Saturday, October 22, 2011

Ending the Disaster

The absolute worst mistake in the history of American foreign policy is coming to an end as Obama has announced the complete withdrawal of U.S. forces from Iraq. I suppose this is a good thing, pursuant to the first rule of holes: when you're in one, stop digging. But nothing 'good' has or will come out of our horrible misadventure that was the invasion of Iraq. The price paid will be beyond measure, but here's a quick look at some of the costs:

8 years, 260 days since Secretary of State Colin Powell presented evidence of Saddam Hussein’s biological weapons program

8 years, 215 days since the March 20, 2003 invasion of Iraq

8 years, 175 days since President George W. Bush’s “Mission Accomplished” speech on the USS Abraham Lincoln

4,479 U.S. military fatalities

30,182 U.S. military injuries

468 contractor fatalities

103,142 – 112,708 documented civilian deaths

2.8 million internally displaced Iraqis

$806 billion in federal funding for the Iraq War through FY2011

$3 – $5 trillion in total economic cost to the United States of the Iraq war according to economist Joseph E. Stiglitz and Linda J. Blimes

$60 billion in U.S. expenditures lost to waste and fraud in Iraq and Afghanistan since 2001

0 weapons of mass destruction found in Iraq

When the shrub/Cheney misadministration slunk into power they made clear their intention to invade Iraq as soon as they could conjure up a plausible pretext. 9/11 became that 'justification', despite the fact that there was absolutely zero connection. Let's face it: the American public was rather gullible at the time, and could easily be sold that a known dusky "boogyman" was a valid target for retribution. All that was required to substitute "Saddam" for "Osama" was a relentless front page marketing campaign, and the phrase "weapons of mass destruction" certainly sounds scary, especially when repeated often and loudly enough.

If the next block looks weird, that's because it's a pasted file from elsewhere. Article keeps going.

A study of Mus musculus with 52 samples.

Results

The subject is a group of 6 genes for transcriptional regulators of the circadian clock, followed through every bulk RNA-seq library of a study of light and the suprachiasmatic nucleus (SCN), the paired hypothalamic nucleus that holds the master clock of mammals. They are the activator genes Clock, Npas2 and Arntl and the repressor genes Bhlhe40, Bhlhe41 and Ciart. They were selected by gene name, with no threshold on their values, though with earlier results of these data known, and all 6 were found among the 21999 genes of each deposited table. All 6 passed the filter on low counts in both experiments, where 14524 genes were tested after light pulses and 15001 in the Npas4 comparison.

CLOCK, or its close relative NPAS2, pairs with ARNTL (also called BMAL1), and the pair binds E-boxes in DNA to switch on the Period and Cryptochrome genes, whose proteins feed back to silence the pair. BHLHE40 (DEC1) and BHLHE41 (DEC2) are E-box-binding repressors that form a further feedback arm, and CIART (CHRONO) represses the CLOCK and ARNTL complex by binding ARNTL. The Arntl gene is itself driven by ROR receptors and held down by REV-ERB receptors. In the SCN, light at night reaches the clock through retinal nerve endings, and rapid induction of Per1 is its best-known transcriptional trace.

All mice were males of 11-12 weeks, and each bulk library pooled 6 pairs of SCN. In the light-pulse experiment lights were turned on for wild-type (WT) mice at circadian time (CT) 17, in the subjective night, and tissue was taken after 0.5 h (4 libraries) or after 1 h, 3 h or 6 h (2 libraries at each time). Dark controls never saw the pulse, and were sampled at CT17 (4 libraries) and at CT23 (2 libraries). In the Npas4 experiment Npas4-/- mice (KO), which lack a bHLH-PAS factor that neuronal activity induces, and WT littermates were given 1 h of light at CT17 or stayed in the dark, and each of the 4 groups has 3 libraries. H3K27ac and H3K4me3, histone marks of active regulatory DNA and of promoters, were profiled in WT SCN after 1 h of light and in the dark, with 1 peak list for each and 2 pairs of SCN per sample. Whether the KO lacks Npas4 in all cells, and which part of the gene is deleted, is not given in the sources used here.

It was all a pack of lies.

The real legacy of the war in Iraq wont be told for years, and many of the realities may never be faced. America unilaterally invaded another country without justification or provocation, slaughtered civilians and committed atrocities that we will never be held truly accountable for. We wasted trillions of dollars on death and destruction, while our own country and citizens fell into poverty and decay. Shrub and 'the Cheney' truly are guilty of an astounding array of war crimes, but will never be tried in any court of law despite all the evidence against them.

In short: an incredible amount was lost and absolutely nothing was gained by going to war in Iraq. Forgive me if I don't feel much like celebrating its end.

Sunday, October 16, 2011

Rangers? Bummer.

Once again, the Texas Rangers will represent the American League in the World Series. I hate the Rangers (almost as much as I hate the Yankees), and will never forgive them for one simple reason: they effectively are guilty of giving us shrub Bush. Shrub owned a minority share of the team (thanks to a sweetheart family deal) which he sold to finance his run for governor of Texas, which then led to his (Supreme Court aided) disastrous elevation to president. The country has yet to recover from his mis-administration, and the Rangers are partially to blame.
If you watched the games on TV, there was shrub at every Texas home game, yucking it up from his luxury box like the spoiled rich kid with a shiny toy that he is. And I'm sure we'll see him at every Texas home game during the series, when the only place I'd ever want to see his smirking mug is on trial at the Hague.
Last year it was very easy to root against the Rangers, as they were playing my beloved Giants. This year, they will be opposed by one of two teams (either the Cardinals or the Brewers) for whom I generally have rather neutral feelings. But I'm rooting for either one over the hated Rangers. Normally, I don't think of baseball as a political issue. But I'm willing to make an exception for shrub and the Rangers.